Egyptian House of Representatives Approves Church Building Law

As Egypt witnesses a rise of severe sectarian violence, President Al-Sisi promises Christians to make it up to them and replace all the Churches that were set ablaze. Photo taken in Fayyoum, 2013. Via Egyptian Streets.
As Egypt witnesses a rise of severe sectarian violence, President Al-Sisi promises Christians to make it up to them and replace all the Churches that were set ablaze.
Photo taken in Fayyoum, 2013. Via Egyptian Streets.

 After a strong wave of arguments in and out of the House of Representatives, the Church Building law was finally passed but – still – with some concerns about specific parts of the articles issued.

 

“The law is a massive jump after 160 years of legislation governing church building and renovation,” Father Rafik Greish, a spokesman for the Coptic Catholic Church, told Reuters, referring to the Ottoman-era laws governing this matter.
The Church Building law is supposed to give Christians more freedom at building their churches and grants them the pleasure of avoiding bureaucratic red tape, according to state-owned Ahram. However it is restricted to the populations of the neighborhood(s) which the church is purposed to serve. There are at least two problems here.
 

1) There is no official count of the Christian community in Egypt

 

Although Christians have arrived to Egypt long before Muslims, there is no official count made public and there has been several complaints about them being undercounted. Which brings us to problem number two.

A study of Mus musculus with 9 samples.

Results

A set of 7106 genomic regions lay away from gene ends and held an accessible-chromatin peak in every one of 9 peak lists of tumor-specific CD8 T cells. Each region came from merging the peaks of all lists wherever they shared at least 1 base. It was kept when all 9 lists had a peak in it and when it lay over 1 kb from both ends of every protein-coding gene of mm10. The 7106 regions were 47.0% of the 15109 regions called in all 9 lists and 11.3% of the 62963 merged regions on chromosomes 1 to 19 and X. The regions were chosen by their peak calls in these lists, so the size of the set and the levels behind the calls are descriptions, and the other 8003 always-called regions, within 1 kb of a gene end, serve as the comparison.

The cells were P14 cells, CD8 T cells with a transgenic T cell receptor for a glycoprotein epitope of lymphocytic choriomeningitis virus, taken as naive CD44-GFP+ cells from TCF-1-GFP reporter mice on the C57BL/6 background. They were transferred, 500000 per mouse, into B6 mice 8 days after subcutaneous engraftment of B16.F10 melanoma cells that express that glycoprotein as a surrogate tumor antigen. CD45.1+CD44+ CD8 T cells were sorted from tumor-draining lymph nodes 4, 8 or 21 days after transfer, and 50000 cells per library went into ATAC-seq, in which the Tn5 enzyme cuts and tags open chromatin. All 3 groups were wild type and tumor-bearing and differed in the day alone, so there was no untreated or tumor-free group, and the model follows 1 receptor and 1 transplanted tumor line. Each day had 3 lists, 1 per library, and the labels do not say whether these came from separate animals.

2) Bureaucracy – again

 

The law grants a governor the right to deny a building or renovation permit, which is okay if officials are well intentioned, Bishop Makarios told Reuters. He is the highest Coptic Orthodox Church official in Minya, a province with the largest Christian community that has been witnessing a rise in sectarian violence in the past few years.

 

Moreover, the law as a concept is against the entire “ya7ya el helal ma3 el saleeb” philosophy. If Muslims and Christians were really considered equals, why would there be two laws, one for mosques (that involves nothing about the neighboring populations, only issues of land ownership and building regulations) and another for churches? Why couldn’t there be only one law for all houses of worship?

 

“This is a sectarian law that shows the state prefers the adherents of one religion over another,” Ishak Ibrahim of the Egyptian Initiative for Personal Rights told Reuters.

 

 

WE SAID THIS: MP Margaret Azer told Ahram Online that she hopes the negative points get eliminated in the near future, and so do we.